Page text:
JUN 20, 2019 06:09 AM PDT

Is Marijuana Harmful to Pets?


Dorrie Black works at Animal Internal Medicine and Specialty Services, a 24-hour veterinary clinic near Golden Gate Park in San Francisco. She says she often treats up to three dogs per week who have ingested marijuana. "Dogs will get into anything and everything," she says. 

Thirty-three states and the District of Columbia now have legalized the drug in some form, meaning that marijuana can be commonly found in many U.S. households, whether it be for medical or recreational use.  

Black says dogs will ingest marijuana by eating the remainder of a joint or getting into edible marijuana in both the house or the park. In cities with higher homeless populations, it is not farfetched that an animal could ingest human feces tainted with cannabis and that this could get them high. 

Black and other veterinarians believe this problem is becoming more common in areas like the Bay Area, where homeless populations continue to grow. 

Benjamin A. Otten, a veterinarian who works at the allCREATURES veterinary clinic in El Cerrito, California, suggests owners use the following identifiers when identifying marijuana toxicity in a dog or pet:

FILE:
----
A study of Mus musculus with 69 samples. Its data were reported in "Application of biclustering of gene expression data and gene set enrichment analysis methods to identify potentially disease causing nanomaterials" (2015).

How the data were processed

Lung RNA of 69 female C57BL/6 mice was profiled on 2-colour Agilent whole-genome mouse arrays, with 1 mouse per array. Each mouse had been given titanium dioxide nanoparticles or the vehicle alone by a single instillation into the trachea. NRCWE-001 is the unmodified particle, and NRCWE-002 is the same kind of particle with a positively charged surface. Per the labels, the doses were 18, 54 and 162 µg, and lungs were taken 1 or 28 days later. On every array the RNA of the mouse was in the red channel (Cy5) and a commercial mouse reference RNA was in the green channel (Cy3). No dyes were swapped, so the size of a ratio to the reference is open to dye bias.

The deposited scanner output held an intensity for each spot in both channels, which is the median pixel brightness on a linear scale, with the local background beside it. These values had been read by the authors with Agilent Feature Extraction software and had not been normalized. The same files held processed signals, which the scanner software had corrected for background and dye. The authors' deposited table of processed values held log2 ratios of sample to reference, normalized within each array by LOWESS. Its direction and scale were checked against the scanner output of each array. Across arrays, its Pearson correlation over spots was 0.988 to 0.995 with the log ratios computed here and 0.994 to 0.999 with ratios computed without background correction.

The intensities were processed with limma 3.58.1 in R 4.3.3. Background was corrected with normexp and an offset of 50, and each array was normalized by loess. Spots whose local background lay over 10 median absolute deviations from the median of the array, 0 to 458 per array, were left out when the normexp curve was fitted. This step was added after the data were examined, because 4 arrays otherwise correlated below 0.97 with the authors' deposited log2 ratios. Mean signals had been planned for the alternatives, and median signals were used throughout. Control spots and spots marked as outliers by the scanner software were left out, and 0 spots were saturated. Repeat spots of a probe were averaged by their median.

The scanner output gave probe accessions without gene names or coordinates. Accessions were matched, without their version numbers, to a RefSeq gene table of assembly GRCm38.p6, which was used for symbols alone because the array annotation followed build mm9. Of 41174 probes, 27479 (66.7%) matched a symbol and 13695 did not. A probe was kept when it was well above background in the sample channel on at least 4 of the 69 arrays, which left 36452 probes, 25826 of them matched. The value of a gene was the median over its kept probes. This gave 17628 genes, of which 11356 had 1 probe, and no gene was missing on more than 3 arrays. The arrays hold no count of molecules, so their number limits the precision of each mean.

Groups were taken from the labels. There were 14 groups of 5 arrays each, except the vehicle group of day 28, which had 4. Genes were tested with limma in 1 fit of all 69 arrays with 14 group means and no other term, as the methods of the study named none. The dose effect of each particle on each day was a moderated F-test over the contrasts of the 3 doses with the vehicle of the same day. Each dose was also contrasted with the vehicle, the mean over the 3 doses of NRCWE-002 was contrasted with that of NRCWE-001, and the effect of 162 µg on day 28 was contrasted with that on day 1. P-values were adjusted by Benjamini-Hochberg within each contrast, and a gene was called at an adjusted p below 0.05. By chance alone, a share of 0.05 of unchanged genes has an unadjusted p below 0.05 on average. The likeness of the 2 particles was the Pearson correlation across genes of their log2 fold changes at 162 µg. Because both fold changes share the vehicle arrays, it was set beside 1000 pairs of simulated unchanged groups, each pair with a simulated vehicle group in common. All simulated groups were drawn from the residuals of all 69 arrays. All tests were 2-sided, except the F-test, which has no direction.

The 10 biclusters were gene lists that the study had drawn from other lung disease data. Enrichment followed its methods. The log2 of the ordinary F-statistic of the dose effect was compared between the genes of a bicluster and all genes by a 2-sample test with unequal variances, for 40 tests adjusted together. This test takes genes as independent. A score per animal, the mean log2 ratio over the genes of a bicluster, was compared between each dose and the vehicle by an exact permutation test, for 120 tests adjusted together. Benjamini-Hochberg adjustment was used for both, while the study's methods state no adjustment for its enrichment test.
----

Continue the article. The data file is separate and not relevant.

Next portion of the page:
• Wobbly movements
  • Dribbling urine
  • A dazed look in the animal's eyes
  • Low body temperature
  • Nervousness

A dog attempting to sit up straight after ingesting cannabis. Photo Source: Laura Klivans/KQED via NPR

Pets will exhibit these symptoms due to the fact that the psychoactive property of marijuana, THC, is poisonous to them. However, none of these veterinarians have seen or heard of an animal dying from the toxicity. 

"There's nothing about that actual drug itself that will kill them," Black assures. "It doesn't cause any organ failure. It doesn't cause liver failure or renal failure," she claims. The drug sedates that animal so intensely that it has the potential to inhale its vomit, which could be fatal. 

Ironically, CBD oils are marketed to pet owners as an aid to specific pet ailments like anxiety and seizures.  Much like in the study of humans and CBD, there is limited research existing to prove this to be either true or false. 

One Colorado study found that two dogs died after ingesting chocolate edibles baked with marijuana-infused butter. However, it was undeterminable if the cause of death was the chocolate, the marijuana, other ingredients, or a combination. 

Black suggests that if an owner does not know if, or how much, their animal has ingested, that it is always a good idea to take them to the vet. The vet can do one of three things to attempt to remove the drug from its system: induce vomiting, pump the animal's stomach, or give it activated charcoal. 

She encourages pet owners, marijuana users or not, to be careful and aware as she says that we have heavier marijuana toxicities to worry about "because of medical-grade marijuana and because of edibles."